Many people have been asking me lately, “How can I learn more about wine?” So I thought I’d take a break this month from recommending wines to give you some tools to choose wines for yourself. For those with plenty of interest in the most intimidating of beverages, but little time to devote to serious study, it is not as hard as one might think to gain enough knowledge to feel confident ordering off a restaurant wine list or picking a crowd pleasing bottle off the shelf. I think if you follow these three simple suggestions, you’ll be shocked at how fast you learn and how quickly your wine self-esteem grows.
1. Stop buying wine at the grocery store. It’s mostly mass-produced junk. It’s a myth that serious wine shops only carry expensive wines – I guarantee there is one in your area that stocks dozens of wines under $15 that taste like something you spent $30 or more on at a large supermarket. Find your local wine haven, seek out a friendly employee and ask for a suggestion. Go back the next week and tell them if you liked it or not and see what else they suggest. After a few weeks of this, the wine geek you’ve been talking to will get to know your palate (and so will you), and you’ll probably broaden your horizons. Which leads me to my next piece of advice…
2. Try new things. As wine guru Gary Vaynerchuk of Wine Library TV says, “How would you know pizza is your favorite food if you’ve never eaten it?” If you’re drinking the same Cali chard or Aussie shiraz over and over again because you’re comfortable with it, you could be missing out on the viognier or petite sirah that is your wine soul mate. So next time you’re at a restaurant or wine bar, instead of ordering a brand name you recognize, take a chance on the one thing you know for sure you’ve never even heard of. It may be earth shattering or it may be awful, but either way you’ve just expanded your wine knowledge. But how can you make sure you’ll remember?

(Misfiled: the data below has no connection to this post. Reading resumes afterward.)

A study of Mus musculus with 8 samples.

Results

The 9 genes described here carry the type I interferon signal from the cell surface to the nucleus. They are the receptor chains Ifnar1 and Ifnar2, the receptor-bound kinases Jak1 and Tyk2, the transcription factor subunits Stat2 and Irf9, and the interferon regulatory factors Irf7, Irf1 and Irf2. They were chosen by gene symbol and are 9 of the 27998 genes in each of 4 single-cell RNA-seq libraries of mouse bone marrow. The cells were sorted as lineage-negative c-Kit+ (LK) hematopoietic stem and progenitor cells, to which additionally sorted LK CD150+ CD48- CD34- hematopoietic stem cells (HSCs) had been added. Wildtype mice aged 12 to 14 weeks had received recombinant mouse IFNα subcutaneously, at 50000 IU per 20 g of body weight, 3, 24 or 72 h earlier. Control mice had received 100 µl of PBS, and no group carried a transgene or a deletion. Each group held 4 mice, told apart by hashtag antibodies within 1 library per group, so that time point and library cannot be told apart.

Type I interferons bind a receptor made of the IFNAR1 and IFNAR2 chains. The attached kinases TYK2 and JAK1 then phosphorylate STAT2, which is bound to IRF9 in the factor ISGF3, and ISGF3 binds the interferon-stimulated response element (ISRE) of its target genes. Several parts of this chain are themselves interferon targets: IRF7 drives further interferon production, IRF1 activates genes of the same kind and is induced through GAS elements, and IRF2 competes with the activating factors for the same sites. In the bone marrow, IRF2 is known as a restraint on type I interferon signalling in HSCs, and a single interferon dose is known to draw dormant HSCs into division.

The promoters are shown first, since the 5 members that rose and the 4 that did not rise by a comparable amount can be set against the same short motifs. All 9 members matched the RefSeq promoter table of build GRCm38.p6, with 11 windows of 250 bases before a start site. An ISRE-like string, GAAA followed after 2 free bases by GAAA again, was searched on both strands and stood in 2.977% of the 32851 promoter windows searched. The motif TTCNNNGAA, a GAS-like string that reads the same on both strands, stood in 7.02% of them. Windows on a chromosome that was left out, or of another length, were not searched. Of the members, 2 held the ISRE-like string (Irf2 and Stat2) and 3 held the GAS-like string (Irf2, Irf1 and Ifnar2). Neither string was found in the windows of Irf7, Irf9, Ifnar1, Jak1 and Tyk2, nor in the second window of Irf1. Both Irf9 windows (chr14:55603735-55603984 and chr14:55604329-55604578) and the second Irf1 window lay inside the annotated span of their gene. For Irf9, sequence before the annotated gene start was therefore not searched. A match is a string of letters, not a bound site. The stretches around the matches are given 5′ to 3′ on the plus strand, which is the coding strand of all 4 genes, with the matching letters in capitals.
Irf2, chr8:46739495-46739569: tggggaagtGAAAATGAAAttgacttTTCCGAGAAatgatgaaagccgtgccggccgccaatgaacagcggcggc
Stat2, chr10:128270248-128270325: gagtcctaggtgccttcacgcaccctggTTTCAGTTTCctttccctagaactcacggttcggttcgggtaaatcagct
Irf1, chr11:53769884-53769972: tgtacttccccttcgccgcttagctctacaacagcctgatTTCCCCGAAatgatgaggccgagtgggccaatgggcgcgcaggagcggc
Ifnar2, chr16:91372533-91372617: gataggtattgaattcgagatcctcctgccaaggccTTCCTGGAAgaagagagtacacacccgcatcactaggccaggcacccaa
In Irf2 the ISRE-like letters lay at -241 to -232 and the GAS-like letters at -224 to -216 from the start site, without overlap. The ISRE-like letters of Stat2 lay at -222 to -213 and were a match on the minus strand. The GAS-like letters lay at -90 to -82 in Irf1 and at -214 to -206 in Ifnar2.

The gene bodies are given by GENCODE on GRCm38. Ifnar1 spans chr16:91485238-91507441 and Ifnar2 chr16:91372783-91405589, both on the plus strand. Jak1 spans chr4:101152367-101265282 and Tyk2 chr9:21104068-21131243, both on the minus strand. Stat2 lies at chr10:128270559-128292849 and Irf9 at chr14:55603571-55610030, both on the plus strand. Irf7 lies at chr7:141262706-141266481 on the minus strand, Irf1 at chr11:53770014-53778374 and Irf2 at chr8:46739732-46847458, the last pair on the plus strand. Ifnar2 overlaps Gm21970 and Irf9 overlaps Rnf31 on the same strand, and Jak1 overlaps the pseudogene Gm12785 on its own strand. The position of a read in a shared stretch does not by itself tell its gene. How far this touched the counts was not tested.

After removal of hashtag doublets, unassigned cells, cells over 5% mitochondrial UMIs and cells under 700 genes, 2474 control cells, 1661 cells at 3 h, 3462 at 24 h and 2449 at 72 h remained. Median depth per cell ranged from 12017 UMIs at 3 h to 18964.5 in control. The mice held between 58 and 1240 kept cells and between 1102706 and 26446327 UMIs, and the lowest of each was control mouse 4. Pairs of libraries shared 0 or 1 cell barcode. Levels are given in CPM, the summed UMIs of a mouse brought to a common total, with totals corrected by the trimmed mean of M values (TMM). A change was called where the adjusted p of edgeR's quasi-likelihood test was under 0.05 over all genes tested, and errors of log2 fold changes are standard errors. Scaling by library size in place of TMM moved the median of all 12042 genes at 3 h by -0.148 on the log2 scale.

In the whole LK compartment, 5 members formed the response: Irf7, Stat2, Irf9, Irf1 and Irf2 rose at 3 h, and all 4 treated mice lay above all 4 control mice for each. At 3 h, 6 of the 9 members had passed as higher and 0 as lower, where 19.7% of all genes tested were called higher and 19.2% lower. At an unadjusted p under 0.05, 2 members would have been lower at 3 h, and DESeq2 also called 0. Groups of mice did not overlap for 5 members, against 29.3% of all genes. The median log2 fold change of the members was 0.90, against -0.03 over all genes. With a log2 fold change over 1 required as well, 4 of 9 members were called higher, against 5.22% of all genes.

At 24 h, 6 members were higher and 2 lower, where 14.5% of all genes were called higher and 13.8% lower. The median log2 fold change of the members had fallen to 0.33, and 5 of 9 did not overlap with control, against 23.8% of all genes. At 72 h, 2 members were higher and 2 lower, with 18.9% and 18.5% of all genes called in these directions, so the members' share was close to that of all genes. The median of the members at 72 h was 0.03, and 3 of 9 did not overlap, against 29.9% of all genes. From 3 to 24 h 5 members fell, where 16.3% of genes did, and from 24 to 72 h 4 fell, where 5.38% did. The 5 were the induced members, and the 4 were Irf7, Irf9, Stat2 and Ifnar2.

3. Write it down. Take notes when you try a new wine. If you don’t have a pen and paper handy, send yourself a text message. And don’t worry if your brief scribblings don’t sound professional, just write anything that makes sense to you. You’ll find very quickly that your notes will get increasingly descriptive the more you do it. “Yummy and lemony” will become “crisp and mouth watering with fresh flowers and clean citrus,” and “fruity but a little bitter” will become “dark berries dance with chocolate and coffee leading to a long tannic finish” before you know it. Trust me, I’ve been through the process myself.
If you’re still reading and think yourself capable of tackling these three tasks, I’d recommend checking out corkd.com or snooth.com – wine social networks whose most valuable function is keeping track of your tasting notes and comparing them with other like-minded winos. Sign up for an account, find a good wine shop, try some new things, and write them down; you’ll soon be on your way to wine expertise. Report back to me with your results!